August 11, 2016

A lot has changed in the past 25 years – Canada’s population is older, the crime rate is lower and the internet has changed how we work, play and live.

Yet the laws that govern policing in Ontario haven’t changed. That is why municipal officials, gathered this week the Association of Municipalities of Ontario (AMO) annual conference, are hoping to see the province take action soon.

Municipalities are responsible for providing police services, as set out by the province’s Police Services Act. The Act sets standards for police services, sets out responsibilities for policing, and identifies core police activities. The province consulted with stakeholder over the spring on a long overdue update of this legislation.

For their part, municipal governments, through AMO, provided nearly three dozen recommendations on how to bring policing up to date in 2015. The recommendations cover a broad range, including: having civilians take on responsibility for non-policing work currently done by officers; strengthening civilian oversight and governance of police; and, improving partnership and collaboration within communities and across orders of government.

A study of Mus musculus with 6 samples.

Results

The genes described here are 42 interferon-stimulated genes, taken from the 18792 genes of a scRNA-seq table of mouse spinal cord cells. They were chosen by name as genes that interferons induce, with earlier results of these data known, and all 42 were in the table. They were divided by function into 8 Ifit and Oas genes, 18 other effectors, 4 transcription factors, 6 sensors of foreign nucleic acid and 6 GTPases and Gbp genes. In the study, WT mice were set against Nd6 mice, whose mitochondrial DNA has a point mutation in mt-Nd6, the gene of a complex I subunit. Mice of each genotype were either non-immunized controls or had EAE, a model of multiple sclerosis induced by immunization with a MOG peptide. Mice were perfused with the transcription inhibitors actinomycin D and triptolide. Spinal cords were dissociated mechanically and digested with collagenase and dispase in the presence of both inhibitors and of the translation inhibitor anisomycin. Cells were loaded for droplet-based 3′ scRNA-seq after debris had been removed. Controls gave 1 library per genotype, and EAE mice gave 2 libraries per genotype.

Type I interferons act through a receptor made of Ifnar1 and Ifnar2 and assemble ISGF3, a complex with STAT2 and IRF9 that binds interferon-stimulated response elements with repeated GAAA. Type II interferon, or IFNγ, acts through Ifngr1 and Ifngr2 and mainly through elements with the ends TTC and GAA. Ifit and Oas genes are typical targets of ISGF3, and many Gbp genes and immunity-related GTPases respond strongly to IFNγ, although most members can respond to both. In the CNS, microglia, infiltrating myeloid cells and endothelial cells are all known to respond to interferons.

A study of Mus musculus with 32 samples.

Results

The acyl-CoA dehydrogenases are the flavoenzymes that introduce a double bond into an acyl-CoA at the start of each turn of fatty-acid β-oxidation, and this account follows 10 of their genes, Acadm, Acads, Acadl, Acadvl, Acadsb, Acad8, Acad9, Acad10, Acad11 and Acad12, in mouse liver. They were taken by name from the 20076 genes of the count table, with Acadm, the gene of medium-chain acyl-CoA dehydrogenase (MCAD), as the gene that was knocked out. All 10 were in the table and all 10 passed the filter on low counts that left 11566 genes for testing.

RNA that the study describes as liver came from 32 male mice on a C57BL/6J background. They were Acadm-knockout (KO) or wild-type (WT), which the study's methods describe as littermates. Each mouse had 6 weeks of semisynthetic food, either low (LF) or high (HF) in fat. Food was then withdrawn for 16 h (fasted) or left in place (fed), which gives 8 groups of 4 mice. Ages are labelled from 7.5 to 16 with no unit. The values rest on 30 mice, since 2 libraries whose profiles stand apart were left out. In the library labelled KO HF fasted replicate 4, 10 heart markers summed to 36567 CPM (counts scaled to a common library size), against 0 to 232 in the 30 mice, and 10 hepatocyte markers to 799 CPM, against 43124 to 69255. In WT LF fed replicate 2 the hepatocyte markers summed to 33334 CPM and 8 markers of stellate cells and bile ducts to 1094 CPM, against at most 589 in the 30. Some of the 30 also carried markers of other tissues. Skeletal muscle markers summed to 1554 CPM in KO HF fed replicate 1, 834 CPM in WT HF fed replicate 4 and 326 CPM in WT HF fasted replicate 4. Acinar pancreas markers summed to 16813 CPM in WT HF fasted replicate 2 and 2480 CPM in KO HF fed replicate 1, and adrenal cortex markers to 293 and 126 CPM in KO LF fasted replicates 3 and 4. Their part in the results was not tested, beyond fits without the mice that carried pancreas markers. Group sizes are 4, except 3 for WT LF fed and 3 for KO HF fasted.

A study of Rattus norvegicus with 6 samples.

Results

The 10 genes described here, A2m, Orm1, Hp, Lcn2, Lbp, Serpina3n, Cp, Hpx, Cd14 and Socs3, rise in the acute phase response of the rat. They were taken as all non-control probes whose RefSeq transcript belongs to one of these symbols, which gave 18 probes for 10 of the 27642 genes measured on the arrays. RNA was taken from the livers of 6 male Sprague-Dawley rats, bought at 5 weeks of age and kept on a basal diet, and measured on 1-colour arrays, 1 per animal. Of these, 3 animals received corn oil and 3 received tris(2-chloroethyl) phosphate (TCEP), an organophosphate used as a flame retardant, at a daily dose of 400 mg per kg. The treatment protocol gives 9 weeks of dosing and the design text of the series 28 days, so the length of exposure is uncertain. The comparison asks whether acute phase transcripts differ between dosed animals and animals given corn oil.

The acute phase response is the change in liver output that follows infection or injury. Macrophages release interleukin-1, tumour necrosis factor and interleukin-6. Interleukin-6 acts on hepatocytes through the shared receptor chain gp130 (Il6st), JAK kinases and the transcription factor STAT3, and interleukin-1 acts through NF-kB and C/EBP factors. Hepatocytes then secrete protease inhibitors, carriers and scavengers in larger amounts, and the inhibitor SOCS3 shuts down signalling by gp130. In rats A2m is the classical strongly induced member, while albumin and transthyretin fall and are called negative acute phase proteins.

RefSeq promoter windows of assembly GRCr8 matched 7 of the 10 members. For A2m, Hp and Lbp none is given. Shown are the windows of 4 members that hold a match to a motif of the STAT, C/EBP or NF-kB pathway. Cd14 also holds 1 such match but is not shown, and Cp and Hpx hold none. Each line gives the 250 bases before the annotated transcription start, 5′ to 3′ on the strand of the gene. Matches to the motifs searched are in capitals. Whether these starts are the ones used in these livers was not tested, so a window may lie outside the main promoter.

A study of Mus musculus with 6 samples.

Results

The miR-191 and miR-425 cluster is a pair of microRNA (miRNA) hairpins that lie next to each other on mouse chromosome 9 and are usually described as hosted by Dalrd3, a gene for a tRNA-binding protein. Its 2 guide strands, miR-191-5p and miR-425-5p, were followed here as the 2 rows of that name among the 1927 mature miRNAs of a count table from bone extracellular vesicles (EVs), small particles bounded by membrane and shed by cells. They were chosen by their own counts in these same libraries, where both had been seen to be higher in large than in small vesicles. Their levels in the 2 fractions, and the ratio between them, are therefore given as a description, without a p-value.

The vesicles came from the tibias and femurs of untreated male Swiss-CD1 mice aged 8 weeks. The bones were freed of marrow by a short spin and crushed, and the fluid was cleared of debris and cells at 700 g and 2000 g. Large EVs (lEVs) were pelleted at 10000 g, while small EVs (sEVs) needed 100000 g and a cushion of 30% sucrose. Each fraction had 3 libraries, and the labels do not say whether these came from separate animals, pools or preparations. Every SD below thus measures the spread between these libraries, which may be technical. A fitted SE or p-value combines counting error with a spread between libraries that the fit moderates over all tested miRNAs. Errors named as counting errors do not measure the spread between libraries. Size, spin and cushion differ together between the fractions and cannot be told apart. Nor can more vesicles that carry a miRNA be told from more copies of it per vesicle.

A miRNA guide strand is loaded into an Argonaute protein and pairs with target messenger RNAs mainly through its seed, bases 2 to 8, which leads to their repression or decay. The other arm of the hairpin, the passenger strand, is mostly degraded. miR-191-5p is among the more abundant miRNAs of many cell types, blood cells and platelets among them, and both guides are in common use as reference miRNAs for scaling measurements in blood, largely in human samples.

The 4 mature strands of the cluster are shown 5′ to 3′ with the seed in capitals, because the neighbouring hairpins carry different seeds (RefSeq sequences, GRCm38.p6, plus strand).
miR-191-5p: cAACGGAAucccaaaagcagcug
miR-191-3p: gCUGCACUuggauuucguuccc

Municipalities are also calling for changes to interest arbitration, the system used to settle contracts for employees that can’t go on strike. Through interest arbitration, emergency service workers are consistently awarded wage and benefit increases that outpace inflation and outpace increases given to other employees of the same municipality.

 “Per capita policing costs in Ontario are well above the national average and costs continue to climb at three times the rate of inflation. That is not sustainable for most communities,” says Gary McNamara, AMO President.  “If we want to create and maintain safe communities that we can afford to police over the long-term, we have to be willing to do things differently.”

“Municipal governments must balance policing costs with the host of other public services that keep communities safe and healthy, such as clean water, safe roads and bridges, social and recreation services, public health, long-term care and more,” McNamara added.